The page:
If keeping up with the daily fluctuations of the stock market seems too much of a hassle for you, but you still want to reap profits from the stock market, position training is tailor-made for you. The strategy emphasizes holding medium to long-term price movements in the stock market. This is in stark contrast to day trading, which focuses on buying and closing positions on the same day. Positional trading aims to capitalize on the larger overarching price swings, thus making it a strategy that is well-suited for folks who wish to have a more relaxed approach toward trading.
What is Positional Trading?
In positional trading, the stocks or positions are held for several days, weeks, or in some cases, even months. This is done so that benefits can be reaped from considerable price fluctuations rather than short-term, low-value price movements.
Since positional trading involves holding stocks for an extended period, there are some tried and tested strategies that help investors make the best choices:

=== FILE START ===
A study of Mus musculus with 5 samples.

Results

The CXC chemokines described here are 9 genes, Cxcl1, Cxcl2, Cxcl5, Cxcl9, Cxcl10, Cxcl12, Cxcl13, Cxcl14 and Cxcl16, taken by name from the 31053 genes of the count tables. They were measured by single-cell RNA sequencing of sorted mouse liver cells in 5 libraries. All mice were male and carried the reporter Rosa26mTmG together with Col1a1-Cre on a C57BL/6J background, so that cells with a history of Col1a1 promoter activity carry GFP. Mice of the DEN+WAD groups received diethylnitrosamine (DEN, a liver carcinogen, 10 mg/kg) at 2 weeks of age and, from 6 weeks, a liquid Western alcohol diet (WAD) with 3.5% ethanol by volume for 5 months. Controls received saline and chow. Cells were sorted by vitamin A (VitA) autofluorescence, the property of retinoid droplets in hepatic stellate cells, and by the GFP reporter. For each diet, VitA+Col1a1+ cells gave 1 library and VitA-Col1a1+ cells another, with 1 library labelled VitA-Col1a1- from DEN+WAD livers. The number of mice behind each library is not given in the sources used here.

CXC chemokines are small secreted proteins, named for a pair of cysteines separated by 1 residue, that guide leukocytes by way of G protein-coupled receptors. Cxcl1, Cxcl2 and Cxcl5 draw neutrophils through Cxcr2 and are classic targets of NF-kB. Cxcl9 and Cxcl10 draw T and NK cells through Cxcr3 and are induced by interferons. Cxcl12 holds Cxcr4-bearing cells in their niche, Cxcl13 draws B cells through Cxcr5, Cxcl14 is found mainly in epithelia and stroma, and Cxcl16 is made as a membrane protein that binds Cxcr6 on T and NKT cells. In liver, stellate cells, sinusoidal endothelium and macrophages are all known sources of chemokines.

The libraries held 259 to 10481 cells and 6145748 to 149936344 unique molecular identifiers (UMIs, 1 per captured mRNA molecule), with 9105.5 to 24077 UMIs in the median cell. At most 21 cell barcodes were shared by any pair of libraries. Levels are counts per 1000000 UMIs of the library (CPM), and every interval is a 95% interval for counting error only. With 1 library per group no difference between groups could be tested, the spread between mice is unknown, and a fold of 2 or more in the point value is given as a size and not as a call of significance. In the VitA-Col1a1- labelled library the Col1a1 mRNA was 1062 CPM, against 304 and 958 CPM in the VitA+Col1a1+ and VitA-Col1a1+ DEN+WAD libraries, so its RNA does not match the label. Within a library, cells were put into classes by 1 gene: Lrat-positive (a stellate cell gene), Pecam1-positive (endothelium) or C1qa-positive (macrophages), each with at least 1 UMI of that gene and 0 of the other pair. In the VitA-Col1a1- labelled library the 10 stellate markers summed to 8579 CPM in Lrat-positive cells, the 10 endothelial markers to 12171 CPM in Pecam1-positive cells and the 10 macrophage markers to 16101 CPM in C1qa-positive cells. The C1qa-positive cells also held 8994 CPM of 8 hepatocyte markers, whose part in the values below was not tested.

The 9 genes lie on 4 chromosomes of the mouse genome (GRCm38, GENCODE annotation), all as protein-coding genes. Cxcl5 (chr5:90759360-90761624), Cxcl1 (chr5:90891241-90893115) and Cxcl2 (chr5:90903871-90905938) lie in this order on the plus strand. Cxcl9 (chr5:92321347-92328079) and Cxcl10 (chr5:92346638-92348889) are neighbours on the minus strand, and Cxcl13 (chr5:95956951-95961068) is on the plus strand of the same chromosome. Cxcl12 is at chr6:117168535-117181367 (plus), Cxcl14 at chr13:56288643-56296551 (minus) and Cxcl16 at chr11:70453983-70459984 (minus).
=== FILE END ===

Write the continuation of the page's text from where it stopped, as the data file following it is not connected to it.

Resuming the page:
- Following Historical Trends: Like most trading strategies, positional trading also involves taking a look at the historical trends of the market to get a better understanding of positions. The only difference is that long-term trends are followed in the case of positional trading.
- Investing in Growing Assets: This strategy focuses on positions that have a very high potential for growth in the future. The aim here is to identify companies that are built on strong foundations and invest in them early, betting on their eventual exponential growth over a relatively longer period.
- Investing in Undervalued Assets: This strategy focuses on assets or stocks that have been undervalued in the market and can be purchased at lower prices. This helps improve profit margins at a later date.
- Momentum-Based Trading: This strategy deals with buying stocks that have a good upward momentum and selling them only when that momentum begins to stagnate.
Pros and Cons
- Long-term strategies allow for greater planning periods.
- The trader is less burdened by the need for constant vigilance.
- By virtue of being a long-term strategy, it can yield significantly higher results.
- Long holding periods can lead to missed opportunities.
- The capital required is exponentially higher, as short-term gains aren’t possible.
- The flexibility of the trader is stifled.
In conclusion, the positional trading strategy offers a comparatively hassle-free alternative to day trading for those who have both the capital and the patience to indulge in it. Since traders can have longer planning periods, a combination of technical and fundamental analysis, risk management planning, and discipline maintenance can lead to traders enhancing their chances of success.